A Prosthetic Thumb for the Partial Hand Amputee
Robert G. Thompson, M.D. *
Michael M. Amrich, C.P. *
Modern prosthetic clinical teams are being confronted with a relative increase in the number of partial hand amputations especially among the group of industrially injured. This is partially because of the dictum of the modern surgeons to save all possible viable structures and also due to the widespread use of infection controlling antibiotic drugs.
For the majority of partial hand amputees, the best we have had to offer them, from the field of prosthetic replacements, was a cosmetic glove, with a filler for the missing portions. However, the cosmetic glove does not meet the needs of an industrial amputee as an assistive appliance in future gainful employment.
The patient with a thumb or several fingers missing will be handicapped if he is not fitted with some type of assistive utility prosthesis. For the amputee with a thumb and several fingers amputated, some form of opposition to the remaining digits is required. Stationary posts or digits mounted on leather or plastic cuffs have been successful to some degree, for such activities as gross lifting or carrying of objects. However, the inability to selectively pinch, grasp and hold objects is somewhat discouraging and frustrating to this type of amputee.
Recently, we were confronted with this type of partial hand amputee, at the Liberty Mutual Rehabilitation Center in Chicago. The patient s hand (
) showed a complete loss of the thumb, fourth and fifth fingers. In addition, the musculature and tendons of the palmar surface had been damaged, resulting in contractures of the metacarpophalangeal and interphalangeal joints of the remaining second and third fingers. After extensive physical therapy treatment the maximum active range of motion attained was 40 degrees in the metacarpal-phalangeal joints, 68 degrees in the proximal inter-phalangeal joints and 65 degrees in the distal inter-phalangeal joints. Muscle strength was eventually nearly normal in the fingers.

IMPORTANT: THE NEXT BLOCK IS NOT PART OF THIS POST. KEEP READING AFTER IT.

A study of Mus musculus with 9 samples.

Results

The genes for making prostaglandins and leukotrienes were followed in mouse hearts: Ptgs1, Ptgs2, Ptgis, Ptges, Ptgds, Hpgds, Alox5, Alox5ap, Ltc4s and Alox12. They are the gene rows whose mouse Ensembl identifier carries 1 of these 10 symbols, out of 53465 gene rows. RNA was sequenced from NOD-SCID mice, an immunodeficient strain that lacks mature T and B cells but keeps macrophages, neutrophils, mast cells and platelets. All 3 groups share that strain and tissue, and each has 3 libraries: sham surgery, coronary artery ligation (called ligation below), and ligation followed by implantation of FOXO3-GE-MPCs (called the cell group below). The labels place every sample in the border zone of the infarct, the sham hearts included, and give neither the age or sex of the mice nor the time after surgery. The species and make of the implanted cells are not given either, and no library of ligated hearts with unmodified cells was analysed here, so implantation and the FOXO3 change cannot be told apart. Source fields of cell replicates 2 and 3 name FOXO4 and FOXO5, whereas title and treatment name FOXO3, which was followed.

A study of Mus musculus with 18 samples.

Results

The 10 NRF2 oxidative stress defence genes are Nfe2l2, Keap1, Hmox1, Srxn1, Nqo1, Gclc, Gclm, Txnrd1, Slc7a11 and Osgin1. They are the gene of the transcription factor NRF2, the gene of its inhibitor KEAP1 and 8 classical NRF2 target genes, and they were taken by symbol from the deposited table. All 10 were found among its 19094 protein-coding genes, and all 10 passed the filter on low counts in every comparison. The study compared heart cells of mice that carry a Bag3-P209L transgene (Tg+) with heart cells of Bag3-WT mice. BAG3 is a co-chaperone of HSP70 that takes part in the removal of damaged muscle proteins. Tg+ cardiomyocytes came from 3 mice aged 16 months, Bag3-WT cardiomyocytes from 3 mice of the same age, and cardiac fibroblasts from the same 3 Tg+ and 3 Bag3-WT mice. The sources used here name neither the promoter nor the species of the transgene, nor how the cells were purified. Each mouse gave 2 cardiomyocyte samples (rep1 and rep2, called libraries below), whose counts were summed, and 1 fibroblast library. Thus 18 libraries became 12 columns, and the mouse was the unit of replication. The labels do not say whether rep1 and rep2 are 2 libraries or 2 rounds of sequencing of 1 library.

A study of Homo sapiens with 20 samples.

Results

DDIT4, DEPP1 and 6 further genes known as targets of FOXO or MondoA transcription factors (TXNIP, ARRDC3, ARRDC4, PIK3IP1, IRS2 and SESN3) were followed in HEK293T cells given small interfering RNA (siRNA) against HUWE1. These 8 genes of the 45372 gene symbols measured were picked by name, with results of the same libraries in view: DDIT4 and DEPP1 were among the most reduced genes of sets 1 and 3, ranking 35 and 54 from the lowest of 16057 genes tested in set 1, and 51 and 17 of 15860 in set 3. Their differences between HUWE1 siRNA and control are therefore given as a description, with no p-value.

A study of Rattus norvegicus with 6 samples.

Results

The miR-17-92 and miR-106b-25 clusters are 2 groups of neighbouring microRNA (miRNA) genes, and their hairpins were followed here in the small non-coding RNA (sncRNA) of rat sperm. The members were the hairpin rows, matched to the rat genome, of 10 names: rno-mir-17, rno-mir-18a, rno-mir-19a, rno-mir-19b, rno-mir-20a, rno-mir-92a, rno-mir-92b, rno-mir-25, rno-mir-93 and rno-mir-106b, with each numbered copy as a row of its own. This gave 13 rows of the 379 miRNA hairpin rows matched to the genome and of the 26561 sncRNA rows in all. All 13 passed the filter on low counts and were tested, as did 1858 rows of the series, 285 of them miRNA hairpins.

Due to the inability to grasp objects between the remaining fingers, and/or the palm, a specially designed prosthesis was constructed utilizing a plastic prosthetic thumb for opposition to the second and third fingers (
). The prosthesis consisted of a naugahyde lined melmac plastic cuff attached to the stump by two straps. Mounted on a bolt type pivot, with a piano wire spring for automatic return, was the prosthetic thumb. The thumb was activated by a rod, set off-center, and attached to the index finger by a plastic ring (
). With the prosthesis the amputee was able to attain a maximum opening between the index finger and the prosthetic thumb of 5 1/2 inches, and tightly oppose the index linger to the tip of the prosthetic thumb (
). As a result, he was able to handle objects ranging in size from a coin or nail to a large can or glass (
). The amputee was able to ilex against 10 lb., with the index finger, and resisted a 5 lb. pull with the prosthetic thumb.
The activated rod can be lengthened or shortened to accommodate the range of motion in the activating linger. From a therapeutic standpoint, the spring return resistance offered by the prosthetic thumb enabled this particular amputee to increase the range of motion in the metacarpal-phalangeal joints of the index finger by 20 degrees, with a similar increase noted in the other finger joints during a period of three months. Assuming that this progress will continue, the activating rod can be shortened and the proximal phalanx be used for activating the rod to the thumb lever.
The principle of this appliance can also be used to activate a prosthetic finger for opposition to a normal thumb. Other materials can be substituted for the plastic used in this case such as a molded leather cuff, stainless steel ring, and stainless steel thumb. Individual preferences and needs should be the basis for the proper selection of materials.
In view of the fact that very few partial hand amputations are alike, each one presents a new challenge to the ingenuity of the prosthetist.
Without a standard pattern or prosthesis to follow, the trial and error method may be the only way to solve a particular problem in fitting the partial hand amputee. Many partial hand amputees do require more time to equip with a prosthesis than the so-called standard below-elbow amputation. However, the fitting of a prosthesis to a partial hand amputee is a real challenge and we must do our best to assist them toward the goal of maximum rehabilitation.